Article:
Thursday, January 22, 2015


Recently, I have been reading Ayaan Hirsi Ali's book Nomad, the follow-up to her ground-breaking and controversial best-seller Infidel, and her equally controversial film documentary Submission (which resulted in the death of director Theo van Gogh at the hands of a Muslim fanatic in 2004).
Although nearly five years old now, the book seems particularly relevant today, regaled as we currently are by constant news reports of Islamic State, Boko Haram, Charlie Hebdo, etc. Hirsi Ali's major concern, though, is not so much genocide and internationally newsworthy events, but the behind-the-scenes day-to-day insults of the Islamic treatment of women.
Told very much from a first person point of view, Hirsi Ali recounts her own peregrinations and constantly changing circumstances, as she moves - sometimes forced, sometimes willingly, sometimes apparently wilfully - from her native Somalia, through Saudi Arabia, Ethiopia, Kenya, the Netherlands, and finally the United States. It also looks at the effects of Islam largely through the lens of her own widely-scattered family.
You certainly have to admire the woman's guts and the hard choices she has made (and continues to make), and the sacrifices she has borne for her convictions. Since her own public and high-profile disavowal of Islam after the 9/11 attacks in 2001, and her controversial stint as a Dutch Member of Parliament, vocally agitating for the rights of Muslim women in Europe, Hirsi Ali has lived in constant fear of violent reprisal, and travels everywhere under the protection of armed security, as she lectures on atheism, women's rights, and the iniquities and inequalities of Islam.
In my opinion, while undeniably "worthy", the book suffers, if anything, from an excess of earnestness. I don't necessarily expect ribaldry or slapstick, but I think a certain lightness of tone from time to time might relieve the rather oppressive and unmitigated grimness of the text without excessively softening the message and its impact.
Quite honestly, it's difficult to positively like a book about such unsympathetic characters (Ali's family). They are, almost to a person, such a bunch of unpleasant, borderline mentally unbalanced, self-indulgent, prejudiced, and generally messed-up individuals, that you just feel like slapping them (as does Ms. Hirsi Ali herself with great frequency). The book confirmed in spades my already poor impression of Somali religious, tribal and social culture, and, given the abysmal (or often completely lacking) parenting approach Hirsi Ali describes as the norm there, it is perhaps no great surprise that so many Somalis abroad "go bad" and end up pursuing a path of drugs, gangs and violence.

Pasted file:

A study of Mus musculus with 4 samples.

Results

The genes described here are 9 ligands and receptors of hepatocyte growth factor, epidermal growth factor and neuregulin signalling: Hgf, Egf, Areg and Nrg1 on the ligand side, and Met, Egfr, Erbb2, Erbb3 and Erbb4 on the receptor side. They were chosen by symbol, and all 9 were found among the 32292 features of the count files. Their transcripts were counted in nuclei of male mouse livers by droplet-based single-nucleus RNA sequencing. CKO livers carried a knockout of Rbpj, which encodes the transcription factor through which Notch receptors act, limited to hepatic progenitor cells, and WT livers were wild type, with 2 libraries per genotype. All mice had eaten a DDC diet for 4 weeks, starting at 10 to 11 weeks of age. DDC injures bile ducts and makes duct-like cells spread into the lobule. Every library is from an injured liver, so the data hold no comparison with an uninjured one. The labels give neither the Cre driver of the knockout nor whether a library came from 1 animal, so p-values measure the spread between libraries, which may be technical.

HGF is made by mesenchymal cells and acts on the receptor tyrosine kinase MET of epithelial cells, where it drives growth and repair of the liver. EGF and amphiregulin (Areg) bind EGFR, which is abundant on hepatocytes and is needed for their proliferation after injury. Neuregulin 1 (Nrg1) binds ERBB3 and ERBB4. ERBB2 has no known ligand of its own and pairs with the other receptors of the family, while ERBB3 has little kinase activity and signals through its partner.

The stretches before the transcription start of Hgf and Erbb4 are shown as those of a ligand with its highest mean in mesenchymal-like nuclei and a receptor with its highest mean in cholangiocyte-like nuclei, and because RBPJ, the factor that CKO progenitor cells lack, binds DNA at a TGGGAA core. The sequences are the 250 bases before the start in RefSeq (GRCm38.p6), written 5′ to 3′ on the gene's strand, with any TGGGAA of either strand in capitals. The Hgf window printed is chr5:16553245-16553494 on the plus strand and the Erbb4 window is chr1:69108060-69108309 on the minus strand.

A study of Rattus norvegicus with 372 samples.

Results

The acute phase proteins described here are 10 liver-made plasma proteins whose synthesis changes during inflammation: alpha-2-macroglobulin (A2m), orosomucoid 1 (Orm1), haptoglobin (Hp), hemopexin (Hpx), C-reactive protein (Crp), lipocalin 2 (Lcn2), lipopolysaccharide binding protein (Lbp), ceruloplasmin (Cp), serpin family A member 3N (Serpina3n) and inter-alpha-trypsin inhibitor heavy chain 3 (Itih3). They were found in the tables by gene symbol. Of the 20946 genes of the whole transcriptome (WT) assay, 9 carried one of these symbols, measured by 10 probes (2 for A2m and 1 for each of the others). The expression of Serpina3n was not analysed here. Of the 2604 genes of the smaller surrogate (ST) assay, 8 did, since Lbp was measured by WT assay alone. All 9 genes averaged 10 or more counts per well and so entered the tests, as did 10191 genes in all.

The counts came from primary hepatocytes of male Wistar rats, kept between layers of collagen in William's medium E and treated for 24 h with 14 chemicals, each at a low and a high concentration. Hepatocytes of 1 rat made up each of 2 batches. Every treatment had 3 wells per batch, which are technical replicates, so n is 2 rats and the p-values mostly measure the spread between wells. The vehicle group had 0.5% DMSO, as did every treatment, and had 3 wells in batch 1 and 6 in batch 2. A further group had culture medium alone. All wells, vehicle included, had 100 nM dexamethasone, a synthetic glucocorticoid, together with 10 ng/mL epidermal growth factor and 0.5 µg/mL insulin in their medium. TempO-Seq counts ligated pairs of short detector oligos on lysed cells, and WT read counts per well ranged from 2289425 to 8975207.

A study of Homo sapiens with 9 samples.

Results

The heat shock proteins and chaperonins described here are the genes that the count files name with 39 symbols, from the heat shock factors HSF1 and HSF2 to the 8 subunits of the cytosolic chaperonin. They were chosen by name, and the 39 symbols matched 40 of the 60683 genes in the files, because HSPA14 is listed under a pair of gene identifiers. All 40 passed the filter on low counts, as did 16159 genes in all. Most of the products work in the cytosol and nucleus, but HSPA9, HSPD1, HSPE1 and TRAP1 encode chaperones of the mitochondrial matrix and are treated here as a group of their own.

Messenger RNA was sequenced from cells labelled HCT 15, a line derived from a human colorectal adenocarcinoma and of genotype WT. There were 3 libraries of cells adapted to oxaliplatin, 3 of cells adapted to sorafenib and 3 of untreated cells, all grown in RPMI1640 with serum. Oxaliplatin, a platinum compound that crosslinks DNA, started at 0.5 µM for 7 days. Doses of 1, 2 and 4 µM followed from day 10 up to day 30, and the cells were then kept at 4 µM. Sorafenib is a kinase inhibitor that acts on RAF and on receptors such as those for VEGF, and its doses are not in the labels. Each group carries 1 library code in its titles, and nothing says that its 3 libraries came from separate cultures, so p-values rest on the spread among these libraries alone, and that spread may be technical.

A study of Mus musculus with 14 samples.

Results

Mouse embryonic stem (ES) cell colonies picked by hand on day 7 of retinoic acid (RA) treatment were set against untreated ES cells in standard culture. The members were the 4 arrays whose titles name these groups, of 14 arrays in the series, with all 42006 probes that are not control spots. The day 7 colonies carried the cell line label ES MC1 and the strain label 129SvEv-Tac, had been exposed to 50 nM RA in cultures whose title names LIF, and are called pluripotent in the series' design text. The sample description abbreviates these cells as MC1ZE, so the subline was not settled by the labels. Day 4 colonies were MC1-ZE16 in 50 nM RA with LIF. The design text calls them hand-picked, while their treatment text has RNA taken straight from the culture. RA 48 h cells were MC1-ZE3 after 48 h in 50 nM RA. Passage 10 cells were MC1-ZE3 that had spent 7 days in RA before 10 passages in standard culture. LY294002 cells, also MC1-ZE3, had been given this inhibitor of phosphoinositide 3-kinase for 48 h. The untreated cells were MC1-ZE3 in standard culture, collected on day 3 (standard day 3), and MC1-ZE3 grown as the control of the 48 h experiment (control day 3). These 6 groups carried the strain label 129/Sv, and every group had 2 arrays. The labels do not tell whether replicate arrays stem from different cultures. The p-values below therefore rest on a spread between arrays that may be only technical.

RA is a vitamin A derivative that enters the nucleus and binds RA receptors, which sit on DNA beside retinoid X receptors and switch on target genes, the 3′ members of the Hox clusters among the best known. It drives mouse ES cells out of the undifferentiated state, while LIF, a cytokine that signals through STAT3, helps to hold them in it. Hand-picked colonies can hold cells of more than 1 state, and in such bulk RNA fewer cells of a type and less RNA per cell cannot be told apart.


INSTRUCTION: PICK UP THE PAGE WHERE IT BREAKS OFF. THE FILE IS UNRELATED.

That said, I found her rose-tinted analysis of the United States to be somewhat trite and overgeneralized.
All in all, despite my respect for Hirsi Ali's atheism and for her principled stand against a bullying religion, I found the book a distinctly unsatisfying and depressing read.
There were, however, some interesting and provocative ideas in the chapter on possible solutions and remedies to the "problem" of Islam, towards the end of the book. For example, Hirsi Ali suggests that an important, even a necessary, step towards reducing the influence and power of Islam today is the work of (mainly non-Islamic) historians and textual analysts in definitively establishing that the Qu'ran was actually written over a period of decades, or even centuries, by a committee of clerics (in much the same way as the Judeo-Christian Bible), and so cannot actually be the literal word of Allah dictated to Mohammed, as most Muslims implicitly believe.
She also strikes out strongly against the well-meaning but misguided multiculturalism and moral relativism of liberal Western societies, which she sees as wishy-washy appeasement, leading them to effectively condone some of the worst elements of Islamic culture (including honour killings, female circumcision, the absolute subjugation of women, the intolerance of other religions and ways of life, etc) along with the preservation of arts and crafts and a few quaint customs. Hirsi Ali argues that Western culture is hands-down and unequivocally BETTER than Islamic culture, and that we should make no apology for this.
She also - interesting for a strident atheist - calls on Christian apologists to present a more forceful alternative to Islam in an attempt to stem the rising tide of Muslim converts, especially in Western countries, almost recommending a new wave of Christian missionaries. She does this largely on the grounds that, if some people do feel the need for a religion, better it be the relatively accommodating and benign one of Christianity than the harsh and violent one of Islam.